Unlike osteoarthritis, which results from the wear and tear of the aging process, rheumatoid arthritis can strike at any age, and is caused by the immune system mistakenly attacking the tissues surrounding the joints. This prolonged assault can eventually lead to complete loss of function in the affected joints. Primary treatment includes medications to quell an overactive immune system, and keep pain and inflammation at bay.
Studies and anecdotal reports suggest certain natural approaches may provide additional relief, and here are a few with which to experiment.
Diet may impact autoimmune diseases such as rheumatoid arthritis in a number of ways. First and foremost, you want to limit consumption of foods known to trigger inflammation in the body. These include saturated animal fats, trans-fats, oils high in omega-6 fatty acids (corn, sunflower, safflower, soy, mixed vegetable), processed carbohydrates and sugar. Foods high in omega-3 fatty acids are good for easing inflammation, and include salmon and other fatty fish, flax-seed, hemp seed and walnuts.
Sufferers of rheumatoid arthritis may have certain food allergies that worsen symptoms. Experiment with eliminating common allergens one group at a time over the course of about two months to observe whether it affects symptoms. Some examples include citrus fruit, wheat, corn, soy and dairy. If you are thinking about following an elimination diet, it might be best to do so under the supervision of a health care provider experienced in using them to make sure you are doing it properly.
The University of Maryland Medical Center reports some people have found relief from RA symptoms by following a vegan diet, one devoid of any animal products.
Several different types of supplements may help ease the pain and other symptoms of RA, but if you are taking any medications for rheumatoid arthritis, it is important to educate yourself on potential interactions; the presence of certain health conditions may also preclude use of specific supplements. Supplements with powerful anti-inflammatory properties include turmeric, ginger, bromelain, omega-3 fatty acids and cat’s claw. Supplements that may help reduce pain and swelling include vitamin E, boswellia, gamma-linolenic acid and devil’s claw.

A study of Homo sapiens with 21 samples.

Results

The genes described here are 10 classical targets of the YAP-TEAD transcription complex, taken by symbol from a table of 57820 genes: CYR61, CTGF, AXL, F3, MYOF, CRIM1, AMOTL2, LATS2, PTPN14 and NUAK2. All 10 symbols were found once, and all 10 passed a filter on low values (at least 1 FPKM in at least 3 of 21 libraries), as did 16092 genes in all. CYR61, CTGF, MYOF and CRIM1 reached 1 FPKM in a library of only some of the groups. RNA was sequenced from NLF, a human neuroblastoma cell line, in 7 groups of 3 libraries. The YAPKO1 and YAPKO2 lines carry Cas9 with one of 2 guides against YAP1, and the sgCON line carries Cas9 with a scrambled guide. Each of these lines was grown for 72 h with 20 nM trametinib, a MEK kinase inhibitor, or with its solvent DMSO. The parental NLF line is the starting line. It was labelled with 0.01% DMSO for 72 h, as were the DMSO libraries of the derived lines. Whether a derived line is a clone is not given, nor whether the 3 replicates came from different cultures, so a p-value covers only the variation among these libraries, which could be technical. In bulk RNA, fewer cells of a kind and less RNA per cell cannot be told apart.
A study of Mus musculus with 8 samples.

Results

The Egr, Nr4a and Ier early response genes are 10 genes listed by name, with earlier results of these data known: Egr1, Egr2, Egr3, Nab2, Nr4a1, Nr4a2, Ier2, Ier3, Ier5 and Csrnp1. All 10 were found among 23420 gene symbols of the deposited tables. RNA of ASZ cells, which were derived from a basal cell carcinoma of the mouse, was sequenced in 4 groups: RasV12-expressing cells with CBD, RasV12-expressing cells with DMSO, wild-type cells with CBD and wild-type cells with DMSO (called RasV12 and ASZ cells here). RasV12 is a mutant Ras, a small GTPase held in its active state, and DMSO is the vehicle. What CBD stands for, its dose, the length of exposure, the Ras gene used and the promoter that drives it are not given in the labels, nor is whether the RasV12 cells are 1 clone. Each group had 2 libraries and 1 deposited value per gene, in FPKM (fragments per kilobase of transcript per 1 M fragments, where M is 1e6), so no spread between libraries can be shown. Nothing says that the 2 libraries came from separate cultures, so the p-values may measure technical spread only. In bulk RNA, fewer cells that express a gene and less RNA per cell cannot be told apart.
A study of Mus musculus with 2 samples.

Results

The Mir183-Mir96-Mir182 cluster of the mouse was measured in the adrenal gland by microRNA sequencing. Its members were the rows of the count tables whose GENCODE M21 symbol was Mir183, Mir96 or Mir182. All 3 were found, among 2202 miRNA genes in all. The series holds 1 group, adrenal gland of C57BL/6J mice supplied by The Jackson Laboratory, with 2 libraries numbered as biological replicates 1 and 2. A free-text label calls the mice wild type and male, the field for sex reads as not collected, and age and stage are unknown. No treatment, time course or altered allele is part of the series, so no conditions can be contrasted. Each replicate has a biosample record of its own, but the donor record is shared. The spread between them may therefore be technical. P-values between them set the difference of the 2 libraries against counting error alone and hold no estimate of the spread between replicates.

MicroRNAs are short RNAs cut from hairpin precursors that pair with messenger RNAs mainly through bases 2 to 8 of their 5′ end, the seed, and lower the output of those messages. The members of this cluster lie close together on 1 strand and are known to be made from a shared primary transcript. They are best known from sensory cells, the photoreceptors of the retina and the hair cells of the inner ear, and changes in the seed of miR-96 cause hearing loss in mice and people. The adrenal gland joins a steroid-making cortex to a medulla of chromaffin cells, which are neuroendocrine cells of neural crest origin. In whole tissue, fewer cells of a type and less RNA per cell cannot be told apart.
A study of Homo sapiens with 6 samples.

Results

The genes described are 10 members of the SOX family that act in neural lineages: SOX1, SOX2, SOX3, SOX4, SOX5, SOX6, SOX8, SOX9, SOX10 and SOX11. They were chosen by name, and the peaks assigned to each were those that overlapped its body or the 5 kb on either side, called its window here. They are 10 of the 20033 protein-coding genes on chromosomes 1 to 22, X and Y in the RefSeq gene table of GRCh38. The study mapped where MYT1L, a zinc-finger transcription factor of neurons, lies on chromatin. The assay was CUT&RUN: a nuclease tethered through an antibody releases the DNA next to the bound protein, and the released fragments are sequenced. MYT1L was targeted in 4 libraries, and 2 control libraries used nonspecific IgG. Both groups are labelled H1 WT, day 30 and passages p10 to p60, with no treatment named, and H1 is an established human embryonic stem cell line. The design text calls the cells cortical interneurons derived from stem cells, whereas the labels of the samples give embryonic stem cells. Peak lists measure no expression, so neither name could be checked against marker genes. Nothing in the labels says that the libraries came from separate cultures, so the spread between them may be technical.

While the effects of homeopathic remedies has not been as extensively studied, certain topical treatments may help that include substances such as comfrey, poison ivy, marsh-tea, arnica, climbing nightshade, bloodroot and sulphur.
Meditation has been getting a lot of attention in recent years, and it seems to be well-deserved. Countless studies have shown this simple practice to be beneficial for a range of conditions from asthma to high blood pressure. Some research, such as a study from the University of Wisconsin published in 2013, suggest people with inflammatory conditions may benefit from meditation. This study in particular found people with these types of conditions experienced an improvement in the psychological distress that resulted from the symptoms of their conditions, which in turn, weakened responses in the body that may aggravate inflammation. For people with chronic conditions, much of the suffering is not the symptoms themselves, but how they are perceived, and meditation may help you with this perception.
Kelli Cooper is passionate about natural health interventions, and always staying up to date on anything health-related; she recommends connecting to the Google Plus feed of DR. Rodney Sewell for health information.